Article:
Balancing Competing Interests in Mining in North Macedonia

North Macedonia

The mining regulations adopted back in 2012 aimed to boost new investments in mining and prioritized only the financial benefits of mining activities. The mining regulations introduced shorter, simpler, and faster procedures for granting mining permits and concessions. Furthermore, they provided easy conversion of the exploratory concession into an exploitation concession, providing an opportunity for investors to commence exploitation faster. Following the adoption of these mining regulations, the sector saw a substantial increase in the number of granted concessions and mining activities. However, the increased mining activities led to increased pollution in the regions where the mining activities began. The development of the industry caused chemical pollution of water and soil, and affected the biodiversity and the health of the local population.

Despite the clear financial benefits of facilitating the growth of the mining sector, the country is now faced with the challenge of striking a balance between financial interest and environmental protection.

In an attempt to strike a balance, in 2019, Macedonian lawmakers adopted significant amendments to the mining regulations to provide greater protection of the health of the population living near the mines and environmental protection. These amendments prohibit the granting of concessions for the exploitation of mineral raw materials through leaching procedures or flotation of metallic mineral raw materials with cyanide or sulfuric acid in open-pit mines. As an exception was provided for the already granted concessions, the amendments only apply to new open-pit mines.

The 2019 legislative amendments fueled the ongoing debate among environmental activists and the business community, triggering the Macedonian Government to reconsider its position on mining regulation. In July 2021, the Macedonian Government proposed new amendments to the mining regulations, which appear to be some sort of a compromise between the demands of environmental activists and the needs of the business community.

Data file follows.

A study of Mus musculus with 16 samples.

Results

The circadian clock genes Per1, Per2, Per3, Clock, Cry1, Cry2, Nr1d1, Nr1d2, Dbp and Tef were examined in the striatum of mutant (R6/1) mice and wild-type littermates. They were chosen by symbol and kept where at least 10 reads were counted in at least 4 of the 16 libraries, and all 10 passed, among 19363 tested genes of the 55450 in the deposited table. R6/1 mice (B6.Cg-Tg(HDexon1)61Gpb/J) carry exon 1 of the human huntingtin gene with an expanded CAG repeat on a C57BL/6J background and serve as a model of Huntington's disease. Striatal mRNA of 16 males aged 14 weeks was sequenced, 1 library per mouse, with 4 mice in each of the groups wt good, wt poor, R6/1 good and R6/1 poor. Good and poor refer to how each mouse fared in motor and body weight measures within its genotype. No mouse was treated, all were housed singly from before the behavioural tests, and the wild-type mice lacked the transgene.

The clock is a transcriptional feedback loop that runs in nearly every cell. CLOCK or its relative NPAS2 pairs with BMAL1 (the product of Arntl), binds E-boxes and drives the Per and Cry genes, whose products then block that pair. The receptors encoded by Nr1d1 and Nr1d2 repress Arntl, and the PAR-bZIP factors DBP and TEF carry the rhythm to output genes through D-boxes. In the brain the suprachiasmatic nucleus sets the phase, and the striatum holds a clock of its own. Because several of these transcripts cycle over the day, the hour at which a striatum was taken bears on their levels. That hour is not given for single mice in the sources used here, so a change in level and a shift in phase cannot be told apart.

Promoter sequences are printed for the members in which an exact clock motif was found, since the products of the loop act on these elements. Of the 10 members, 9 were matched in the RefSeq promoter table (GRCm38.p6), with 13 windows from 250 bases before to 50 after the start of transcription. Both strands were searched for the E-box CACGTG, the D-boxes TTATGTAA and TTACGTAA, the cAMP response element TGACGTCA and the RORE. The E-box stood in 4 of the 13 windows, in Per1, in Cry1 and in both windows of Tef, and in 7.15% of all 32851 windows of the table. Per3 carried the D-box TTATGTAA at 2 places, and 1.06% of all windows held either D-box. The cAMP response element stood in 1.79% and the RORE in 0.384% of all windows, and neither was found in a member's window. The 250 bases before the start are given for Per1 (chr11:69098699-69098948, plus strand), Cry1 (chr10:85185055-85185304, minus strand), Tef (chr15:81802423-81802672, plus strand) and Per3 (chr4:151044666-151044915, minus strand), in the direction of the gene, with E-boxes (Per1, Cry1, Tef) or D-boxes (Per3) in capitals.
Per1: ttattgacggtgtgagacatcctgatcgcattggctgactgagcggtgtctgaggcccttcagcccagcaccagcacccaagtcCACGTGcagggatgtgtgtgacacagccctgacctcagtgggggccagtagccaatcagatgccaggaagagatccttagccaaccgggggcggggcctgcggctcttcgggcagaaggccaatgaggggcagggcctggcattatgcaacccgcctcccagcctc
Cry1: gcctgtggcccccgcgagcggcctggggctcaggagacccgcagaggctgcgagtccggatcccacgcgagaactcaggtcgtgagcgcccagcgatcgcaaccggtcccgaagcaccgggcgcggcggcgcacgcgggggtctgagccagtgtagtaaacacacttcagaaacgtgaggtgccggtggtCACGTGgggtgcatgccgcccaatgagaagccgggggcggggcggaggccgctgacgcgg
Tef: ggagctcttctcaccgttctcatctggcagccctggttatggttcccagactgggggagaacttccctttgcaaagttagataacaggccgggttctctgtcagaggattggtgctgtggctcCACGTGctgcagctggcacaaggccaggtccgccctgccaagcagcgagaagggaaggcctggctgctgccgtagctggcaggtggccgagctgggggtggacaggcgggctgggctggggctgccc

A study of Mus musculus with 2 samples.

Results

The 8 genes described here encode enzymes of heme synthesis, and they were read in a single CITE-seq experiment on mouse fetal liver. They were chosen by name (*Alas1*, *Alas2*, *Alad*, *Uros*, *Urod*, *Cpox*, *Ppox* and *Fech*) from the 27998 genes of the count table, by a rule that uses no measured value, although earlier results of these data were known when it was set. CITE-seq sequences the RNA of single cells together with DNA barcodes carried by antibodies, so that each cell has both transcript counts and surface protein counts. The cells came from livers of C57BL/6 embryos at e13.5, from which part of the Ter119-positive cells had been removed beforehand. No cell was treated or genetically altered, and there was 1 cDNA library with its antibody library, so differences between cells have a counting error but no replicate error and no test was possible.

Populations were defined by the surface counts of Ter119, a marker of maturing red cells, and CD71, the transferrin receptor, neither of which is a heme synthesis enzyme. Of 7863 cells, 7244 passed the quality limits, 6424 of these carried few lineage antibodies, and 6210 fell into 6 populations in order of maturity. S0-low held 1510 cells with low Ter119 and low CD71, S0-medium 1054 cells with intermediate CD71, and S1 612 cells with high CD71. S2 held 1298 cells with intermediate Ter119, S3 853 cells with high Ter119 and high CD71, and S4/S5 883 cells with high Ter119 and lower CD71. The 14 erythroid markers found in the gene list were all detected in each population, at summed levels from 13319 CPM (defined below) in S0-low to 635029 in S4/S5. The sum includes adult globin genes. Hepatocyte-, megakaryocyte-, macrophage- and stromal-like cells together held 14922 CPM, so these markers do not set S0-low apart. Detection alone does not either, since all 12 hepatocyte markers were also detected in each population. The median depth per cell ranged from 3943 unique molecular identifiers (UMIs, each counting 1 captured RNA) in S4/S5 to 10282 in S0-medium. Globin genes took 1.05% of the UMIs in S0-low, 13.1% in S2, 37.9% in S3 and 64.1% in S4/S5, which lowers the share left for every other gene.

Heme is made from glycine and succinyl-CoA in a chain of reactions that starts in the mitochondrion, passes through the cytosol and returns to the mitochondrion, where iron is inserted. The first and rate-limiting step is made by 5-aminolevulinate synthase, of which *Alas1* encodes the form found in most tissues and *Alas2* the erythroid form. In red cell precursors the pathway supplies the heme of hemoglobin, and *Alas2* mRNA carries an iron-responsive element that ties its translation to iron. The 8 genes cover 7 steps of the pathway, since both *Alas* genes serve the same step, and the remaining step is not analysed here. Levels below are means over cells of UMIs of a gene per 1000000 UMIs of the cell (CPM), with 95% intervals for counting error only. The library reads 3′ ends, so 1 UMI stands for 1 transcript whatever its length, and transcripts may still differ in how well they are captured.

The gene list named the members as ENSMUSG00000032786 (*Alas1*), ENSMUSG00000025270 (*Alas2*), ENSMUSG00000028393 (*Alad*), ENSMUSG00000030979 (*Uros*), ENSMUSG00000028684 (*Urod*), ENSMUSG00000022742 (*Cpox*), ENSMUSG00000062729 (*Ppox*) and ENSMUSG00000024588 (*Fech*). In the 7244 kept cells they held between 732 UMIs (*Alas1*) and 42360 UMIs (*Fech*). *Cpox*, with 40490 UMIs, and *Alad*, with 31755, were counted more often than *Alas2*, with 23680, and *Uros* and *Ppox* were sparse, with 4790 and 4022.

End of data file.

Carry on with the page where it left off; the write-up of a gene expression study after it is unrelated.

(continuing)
The most significant changes include the introduction of new circumstances under which the Macedonian Government will be entitled to unilaterally terminate a concession agreement. More precisely, the recent amendments stipulate that the concession may be terminated due to a material breach of the concession agreement and applicable regulations. The Macedonian Government will now have the opportunity to terminate the concession agreement if exploitation violates the public interest and when the concessionaire performs exploitation outside the territory to which the concession has been granted. However, in such a case, the concessionaire will be provided with an opportunity to apply for a new concession for exploitation at another site.

Concessionaires will be subject to a more thorough audit of their performance. The Macedonian Government will be entitled to terminate the concession agreement if the concessionaire exploits less than 20 percent of the projected amount of mineral raw material within one year. However, even in this case, the termination is conditional on providing an opportunity for the concessionaire to clarify the reduced exploitation. Moreover, the concession will not be terminated if the concessionaire provides an adequate explanation for the reason for the reduced exploitation. The explanation will be reviewed by a competent committee empowered to extend reduced exploitation for another consecutive year. The conditions under which the concessionaires operate will become stricter once the amendments are adopted.

The proposed amendments currently under review by the Macedonian Parliament are expected to bring some reconciliation of the stakeholders. It seems that the amendments tend to satisfy both representatives of the mining industry and environmental activists. However, it is all but certain that the debate will continue.

By Gjorgji Georgievski, Partner, and Fani Dimoska, Associate, ODI Law

This Article was originally published in Issue 8.11 of the CEE Legal Matters Magazine. If you would like to receive a hard copy of the magazine, you can subscribe here.